By: Loretta Gastwirth
While the notion that ideas are “‘free as air'” is a deeply rooted American concept, courts have, albeit reluctantly, granted property right status to ideas in many cases. Most often claims of misappropriation of ideas are brought by those in the toy industry. They are also lodged, however, in many other industries including, advertising, cosmetics, fast food, hotels, entertainment media and most recently, in a case in the magazine publishing industry which we recently defended.
The concept that ideas can be protected by courts stretches the outer most limits of traditional principles affording protection to intellectual property rights. Ideas are unlike trade secrets which are defined as “any formula, pattern, device or compilation of information” which is “not simply information as to a single or a ephemeral event,” but is a “practice or device for continuous use in the operation of the business.” Ideas are also unlike patents in which, in exchange for public disclosure of a trade secret, an owner obtains, essentially, a governmentally sanctioned monopoly on a device or formula for a period of years. Granting ideas the status of an intellectual property right is something that courts do quite hesitantly.
But yet that is exactly what they do. Thus, even listening to a new idea bespeaks great caution to any business owner lest he/she be accused of misappropriation.
An idea which is misappropriated can give rise to a cause of action where a party shows: (1) that it disclosed the information in confidence; (2) that the information was later used in a matter that breaches that confidence; and (3) that the information consists of ideas that were novel and original. While proof of these claims seems easy enough, the claims most often fail because the idea lacks novelty or originality or the defendant developed the same idea independently. Whether an idea is original or novel depends upon whether it is specific or general, common, unique or commercially available. Variations on basic themes are not novel.
We recently successfully defended a magazine publisher and its advertising representative which received and rejected unsolicited ideas and were sued for their misappropriation. After disclosing his ideas for an equine trade magazine to our clients as an enticement for the advertising representative to undertake his representation and the latter declined the representation, plaintiff then published his magazine on his own. Thereafter, our clients published their own equine trade magazine. Plaintiff then sued our clients for misappropriation of plaintiff’s ideas and trade secrets. The case never got to trial because we successfully obtained a ruling summarily granting judgment against plaintiff for several reasons which are illustrative of the types of defenses to misappropriation claims.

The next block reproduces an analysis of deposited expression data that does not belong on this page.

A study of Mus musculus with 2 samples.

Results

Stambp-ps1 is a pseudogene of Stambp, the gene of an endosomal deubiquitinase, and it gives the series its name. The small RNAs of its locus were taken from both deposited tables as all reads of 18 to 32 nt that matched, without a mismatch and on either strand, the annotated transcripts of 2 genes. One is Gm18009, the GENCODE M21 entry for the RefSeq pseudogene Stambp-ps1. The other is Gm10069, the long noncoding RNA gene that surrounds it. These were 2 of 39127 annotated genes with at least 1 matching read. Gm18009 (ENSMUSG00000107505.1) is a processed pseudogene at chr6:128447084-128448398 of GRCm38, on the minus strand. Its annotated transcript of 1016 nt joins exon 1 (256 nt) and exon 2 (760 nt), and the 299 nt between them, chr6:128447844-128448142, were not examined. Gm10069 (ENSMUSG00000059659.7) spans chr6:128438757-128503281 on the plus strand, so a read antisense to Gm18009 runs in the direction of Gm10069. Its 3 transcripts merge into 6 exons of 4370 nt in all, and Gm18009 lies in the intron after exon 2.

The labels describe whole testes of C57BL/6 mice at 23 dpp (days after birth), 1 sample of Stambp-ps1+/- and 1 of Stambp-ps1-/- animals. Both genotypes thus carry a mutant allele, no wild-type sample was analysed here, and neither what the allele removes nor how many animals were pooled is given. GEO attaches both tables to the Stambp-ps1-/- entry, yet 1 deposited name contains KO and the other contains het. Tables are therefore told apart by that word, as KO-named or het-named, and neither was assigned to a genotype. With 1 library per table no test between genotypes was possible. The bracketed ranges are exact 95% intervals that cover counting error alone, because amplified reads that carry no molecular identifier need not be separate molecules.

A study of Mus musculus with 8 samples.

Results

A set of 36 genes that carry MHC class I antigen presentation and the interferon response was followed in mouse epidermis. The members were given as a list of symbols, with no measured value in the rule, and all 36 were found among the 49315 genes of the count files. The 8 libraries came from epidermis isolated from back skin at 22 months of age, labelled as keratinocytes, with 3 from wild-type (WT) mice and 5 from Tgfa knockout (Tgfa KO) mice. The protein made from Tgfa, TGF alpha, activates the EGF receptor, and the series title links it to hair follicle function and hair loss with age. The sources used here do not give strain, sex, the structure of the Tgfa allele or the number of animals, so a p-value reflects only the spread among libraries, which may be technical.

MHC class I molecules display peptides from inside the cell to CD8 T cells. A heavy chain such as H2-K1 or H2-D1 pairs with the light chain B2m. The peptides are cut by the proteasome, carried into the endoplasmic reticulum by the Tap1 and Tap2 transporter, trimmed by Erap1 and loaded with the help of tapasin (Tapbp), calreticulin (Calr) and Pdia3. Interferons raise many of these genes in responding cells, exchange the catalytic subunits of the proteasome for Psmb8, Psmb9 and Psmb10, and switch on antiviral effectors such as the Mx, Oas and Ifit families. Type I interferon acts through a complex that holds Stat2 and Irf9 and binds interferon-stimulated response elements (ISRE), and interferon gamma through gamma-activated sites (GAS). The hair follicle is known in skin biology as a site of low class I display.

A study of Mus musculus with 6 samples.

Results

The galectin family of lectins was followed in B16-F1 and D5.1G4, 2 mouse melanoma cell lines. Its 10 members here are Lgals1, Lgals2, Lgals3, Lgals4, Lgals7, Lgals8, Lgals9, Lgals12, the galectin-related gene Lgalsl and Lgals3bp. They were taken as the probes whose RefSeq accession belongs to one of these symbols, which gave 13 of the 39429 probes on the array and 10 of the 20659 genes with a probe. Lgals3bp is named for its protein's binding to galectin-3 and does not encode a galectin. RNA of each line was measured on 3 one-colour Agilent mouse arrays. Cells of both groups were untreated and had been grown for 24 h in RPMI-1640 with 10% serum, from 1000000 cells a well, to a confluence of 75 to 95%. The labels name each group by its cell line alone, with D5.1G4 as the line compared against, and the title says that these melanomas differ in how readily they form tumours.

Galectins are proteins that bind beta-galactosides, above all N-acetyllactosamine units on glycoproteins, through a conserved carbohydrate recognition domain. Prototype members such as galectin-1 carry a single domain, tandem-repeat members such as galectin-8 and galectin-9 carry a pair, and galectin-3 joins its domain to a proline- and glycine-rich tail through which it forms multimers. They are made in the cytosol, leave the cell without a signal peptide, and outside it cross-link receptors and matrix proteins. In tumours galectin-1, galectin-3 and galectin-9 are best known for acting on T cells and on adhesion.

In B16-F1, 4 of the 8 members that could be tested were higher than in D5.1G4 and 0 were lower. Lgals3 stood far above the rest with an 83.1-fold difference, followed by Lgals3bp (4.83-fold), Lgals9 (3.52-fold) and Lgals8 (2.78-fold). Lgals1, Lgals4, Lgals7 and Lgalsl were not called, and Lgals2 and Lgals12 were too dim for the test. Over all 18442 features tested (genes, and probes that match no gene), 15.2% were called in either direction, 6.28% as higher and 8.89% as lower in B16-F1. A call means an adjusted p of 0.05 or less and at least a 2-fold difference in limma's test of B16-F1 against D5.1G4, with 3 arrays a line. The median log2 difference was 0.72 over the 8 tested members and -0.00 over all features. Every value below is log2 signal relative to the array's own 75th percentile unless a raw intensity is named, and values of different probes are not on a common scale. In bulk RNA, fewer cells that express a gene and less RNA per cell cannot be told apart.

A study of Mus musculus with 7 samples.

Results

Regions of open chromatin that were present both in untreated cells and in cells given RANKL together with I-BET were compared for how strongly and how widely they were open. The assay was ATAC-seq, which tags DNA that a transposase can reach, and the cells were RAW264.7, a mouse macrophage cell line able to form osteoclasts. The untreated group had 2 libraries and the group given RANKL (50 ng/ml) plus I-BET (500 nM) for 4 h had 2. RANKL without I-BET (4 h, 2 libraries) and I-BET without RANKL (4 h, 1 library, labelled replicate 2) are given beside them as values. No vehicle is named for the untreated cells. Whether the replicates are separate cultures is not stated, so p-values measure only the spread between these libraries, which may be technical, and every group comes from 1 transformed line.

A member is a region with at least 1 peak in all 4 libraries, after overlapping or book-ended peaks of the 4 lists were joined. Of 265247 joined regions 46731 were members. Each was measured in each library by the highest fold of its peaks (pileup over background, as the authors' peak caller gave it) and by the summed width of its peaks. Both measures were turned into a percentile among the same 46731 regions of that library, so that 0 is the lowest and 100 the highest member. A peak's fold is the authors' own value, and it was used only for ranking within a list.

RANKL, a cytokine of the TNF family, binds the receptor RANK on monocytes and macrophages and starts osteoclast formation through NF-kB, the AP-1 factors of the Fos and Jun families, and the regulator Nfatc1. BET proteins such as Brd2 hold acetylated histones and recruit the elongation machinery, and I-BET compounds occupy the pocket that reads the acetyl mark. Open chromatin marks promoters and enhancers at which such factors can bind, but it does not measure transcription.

In the first instance, an idea which is disclosed to you but then used before you use that idea, is not novel or original since it already fell into the public domain. In the case of our advertising representative and publisher, because plaintiff published his own magazine first displaying the ideas he suggested, he could not successfully assert a claim of misappropriation.
Certain ideas which are suggested to you may already be known to you. In the case of our clients, they were no stranger to the unsolicited idea of customer surveys, having used them in the past, and hence, the novelty criteria was not met. If an idea is generally known in your industry, but you are unaware of it, a court may, however, find you liable under a recent ruling by the U.S. Second Circuit Court of Appeals.
Where your product does not include the same features as plaintiff’s product or the ideas imparted are not used, no misappropriation can be claimed. And even if you do use the same ideas, if you develop them independently, you will be exempt from a charge of misappropriation. A defense of independent development, however, requires impeccable, contemporaneous records and a good record retention policy.
Our economy relies heavily on intellectual property rights, whether they be patent rights, trade secrets, copyrights or ideas. The law of misappropriation of ideas poses a great threat to our new high technology industries which build their businesses upon innovation and new ideas. While those charged with misappropriation of ideas have generally received favorable treatment from our New York courts which have often disposed of these claims without trials — and my firm’s recent success is just one of them — the Second Circuit’s recent case on the subject counsels caution. You may want to consider refusing receipt of unsolicited ideas or drafting explicit agreements for their receipt, use or conditions of payment. Most importantly, always keep careful records of encounters with inventors or idea suggestors and make sure you meticulously document development of your own ideas, inventions and products.